Swollen ankles, feet and legs (oedema)
Swelling in the ankles, feet or legs often goes away on its own. See a GP if it does not get better in a few days.
Common causes of swollen ankles, feet and legs
Swelling in the ankles, feet and legs is often caused by a build-up of fluid in these areas, called oedema.
Oedema is usually caused by:
- standing or sitting in the same position for too long
- eating too much salty food
- being overweight
- being pregnant – read about swollen ankles, feet and fingers in pregnancy
- taking certain medicines – such as some blood pressure medicines, contraceptive pills, antidepressants or steroids
Oedema can also be caused by:
- an injury – such as a strain or sprain
- an insect bite or sting
- problems with your kidneys, liver or heart
- a blood clot
- an infection
Symptoms of oedema include:
Swelling in your ankles, feet or legs should go away on its own, but there are some things you can try to help.
- lie down and use pillows to raise the swollen area when you can
- get some gentle exercise, like walking, to improve your blood flow
- wear wide, comfortable shoes with a low heel and soft sole
- wash, dry and moisturise your feet to avoid infections
- do not stand or sit for long periods of time
- do not wear clothes, socks or shoes that are too tight
Non-urgent advice: See a GP if your ankle, foot or leg is swollen and:
- it has not improved after treating it at home for a few days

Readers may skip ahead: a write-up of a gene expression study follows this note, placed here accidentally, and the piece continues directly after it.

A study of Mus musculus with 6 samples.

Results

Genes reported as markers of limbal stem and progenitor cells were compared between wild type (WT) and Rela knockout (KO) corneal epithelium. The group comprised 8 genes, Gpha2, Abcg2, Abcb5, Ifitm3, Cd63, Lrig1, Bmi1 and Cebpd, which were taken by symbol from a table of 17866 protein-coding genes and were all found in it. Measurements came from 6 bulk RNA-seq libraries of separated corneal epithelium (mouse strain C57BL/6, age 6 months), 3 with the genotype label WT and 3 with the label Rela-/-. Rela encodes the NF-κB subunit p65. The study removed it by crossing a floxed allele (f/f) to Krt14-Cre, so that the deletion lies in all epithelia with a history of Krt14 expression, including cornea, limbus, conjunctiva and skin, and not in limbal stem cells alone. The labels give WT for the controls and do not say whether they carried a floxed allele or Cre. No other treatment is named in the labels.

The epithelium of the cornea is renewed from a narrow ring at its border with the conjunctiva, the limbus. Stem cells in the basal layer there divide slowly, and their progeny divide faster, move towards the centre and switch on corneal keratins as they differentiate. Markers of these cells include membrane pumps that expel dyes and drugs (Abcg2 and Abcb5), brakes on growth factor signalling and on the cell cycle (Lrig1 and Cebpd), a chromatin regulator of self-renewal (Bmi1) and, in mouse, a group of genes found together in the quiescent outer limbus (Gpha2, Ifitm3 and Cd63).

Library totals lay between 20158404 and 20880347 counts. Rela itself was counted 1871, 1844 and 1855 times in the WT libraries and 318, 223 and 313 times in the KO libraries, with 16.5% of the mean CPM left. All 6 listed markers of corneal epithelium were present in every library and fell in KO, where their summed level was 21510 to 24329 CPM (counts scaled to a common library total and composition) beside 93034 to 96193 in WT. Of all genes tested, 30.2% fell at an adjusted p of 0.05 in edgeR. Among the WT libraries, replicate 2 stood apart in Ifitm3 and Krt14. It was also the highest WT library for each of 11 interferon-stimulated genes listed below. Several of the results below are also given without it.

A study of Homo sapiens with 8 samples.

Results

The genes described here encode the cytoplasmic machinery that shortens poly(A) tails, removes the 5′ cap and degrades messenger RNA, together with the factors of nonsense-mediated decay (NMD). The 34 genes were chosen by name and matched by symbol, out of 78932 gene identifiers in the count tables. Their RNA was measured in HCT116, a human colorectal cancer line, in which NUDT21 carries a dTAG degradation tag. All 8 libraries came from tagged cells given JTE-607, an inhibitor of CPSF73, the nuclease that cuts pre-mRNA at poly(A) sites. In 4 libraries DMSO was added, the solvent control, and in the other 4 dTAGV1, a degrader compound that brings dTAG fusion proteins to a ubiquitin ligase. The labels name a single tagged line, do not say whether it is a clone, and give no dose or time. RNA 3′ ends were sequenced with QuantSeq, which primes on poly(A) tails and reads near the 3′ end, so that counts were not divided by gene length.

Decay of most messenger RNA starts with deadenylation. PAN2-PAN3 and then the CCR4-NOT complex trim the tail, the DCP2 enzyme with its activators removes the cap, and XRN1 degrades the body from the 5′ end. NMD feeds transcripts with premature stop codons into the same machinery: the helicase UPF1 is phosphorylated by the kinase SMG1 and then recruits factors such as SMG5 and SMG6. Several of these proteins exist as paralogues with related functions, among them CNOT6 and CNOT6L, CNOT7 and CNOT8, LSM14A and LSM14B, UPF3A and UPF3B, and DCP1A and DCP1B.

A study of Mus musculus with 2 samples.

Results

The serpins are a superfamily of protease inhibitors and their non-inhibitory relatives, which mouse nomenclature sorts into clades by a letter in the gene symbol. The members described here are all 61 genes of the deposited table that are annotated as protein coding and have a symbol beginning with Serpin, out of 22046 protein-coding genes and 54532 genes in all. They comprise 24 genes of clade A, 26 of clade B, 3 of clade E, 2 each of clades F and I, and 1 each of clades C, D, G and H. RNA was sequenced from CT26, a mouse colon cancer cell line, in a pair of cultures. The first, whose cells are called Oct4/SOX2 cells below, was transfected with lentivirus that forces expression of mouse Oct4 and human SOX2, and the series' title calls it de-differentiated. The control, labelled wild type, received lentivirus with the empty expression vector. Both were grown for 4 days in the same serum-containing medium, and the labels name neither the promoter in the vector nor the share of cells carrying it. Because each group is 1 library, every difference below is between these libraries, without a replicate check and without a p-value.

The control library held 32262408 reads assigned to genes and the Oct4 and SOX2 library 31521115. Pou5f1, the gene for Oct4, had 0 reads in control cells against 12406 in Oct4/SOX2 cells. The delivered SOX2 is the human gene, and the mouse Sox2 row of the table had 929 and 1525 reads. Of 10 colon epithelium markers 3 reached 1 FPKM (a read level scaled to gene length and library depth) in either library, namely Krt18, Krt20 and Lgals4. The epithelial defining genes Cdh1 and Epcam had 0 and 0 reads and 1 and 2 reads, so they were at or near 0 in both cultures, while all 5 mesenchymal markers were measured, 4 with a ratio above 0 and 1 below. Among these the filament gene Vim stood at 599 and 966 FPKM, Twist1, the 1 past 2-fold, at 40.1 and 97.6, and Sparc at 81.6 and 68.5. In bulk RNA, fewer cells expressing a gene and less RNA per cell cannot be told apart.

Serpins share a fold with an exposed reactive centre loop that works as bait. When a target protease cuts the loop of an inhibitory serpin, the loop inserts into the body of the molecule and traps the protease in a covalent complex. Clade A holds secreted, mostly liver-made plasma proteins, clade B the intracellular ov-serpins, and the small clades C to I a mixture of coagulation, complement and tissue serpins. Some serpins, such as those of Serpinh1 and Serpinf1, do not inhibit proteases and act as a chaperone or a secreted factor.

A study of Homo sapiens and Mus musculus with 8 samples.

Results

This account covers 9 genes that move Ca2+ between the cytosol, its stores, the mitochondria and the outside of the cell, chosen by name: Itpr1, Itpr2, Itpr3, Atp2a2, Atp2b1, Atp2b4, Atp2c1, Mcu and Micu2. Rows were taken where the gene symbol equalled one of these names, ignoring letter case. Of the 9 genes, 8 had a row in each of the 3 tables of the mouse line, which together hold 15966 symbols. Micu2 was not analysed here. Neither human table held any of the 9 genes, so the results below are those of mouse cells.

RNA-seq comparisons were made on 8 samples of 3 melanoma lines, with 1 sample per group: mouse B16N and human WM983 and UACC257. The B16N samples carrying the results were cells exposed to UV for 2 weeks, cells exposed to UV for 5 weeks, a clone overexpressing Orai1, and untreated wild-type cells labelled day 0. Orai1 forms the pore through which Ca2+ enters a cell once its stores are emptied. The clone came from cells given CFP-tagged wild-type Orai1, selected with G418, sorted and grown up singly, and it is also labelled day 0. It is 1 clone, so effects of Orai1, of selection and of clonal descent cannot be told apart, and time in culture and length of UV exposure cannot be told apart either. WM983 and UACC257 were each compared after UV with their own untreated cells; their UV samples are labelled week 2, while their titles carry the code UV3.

- it gets worse
Urgent advice: Get advice from 111 now if:
- the swelling is only in 1 ankle, foot or leg and there's no obvious cause, such as an injury
- the swelling is severe, painful or starts very suddenly
- the swollen area is red or feels hot to the touch
- your temperature is very high, or you feel hot and shivery
- you have diabetes
111 will tell you what to do. They can arrange a phone call from a nurse or doctor if you need one.
Other ways to get help
Get an urgent GP appointment
A GP may be able to treat you.
Ask your GP practice for an urgent appointment.
Immediate action required: Call 999 if:
- you feel short of breath or are struggling to breathe
- your chest feels tight, heavy or painful
You could have a blood clot in your lungs, which needs immediate treatment in hospital.
Treatment for swelling or oedema that does not go away on its own will depend on the cause.
It may include lifestyle changes, such as losing weight or going on a low-salt diet.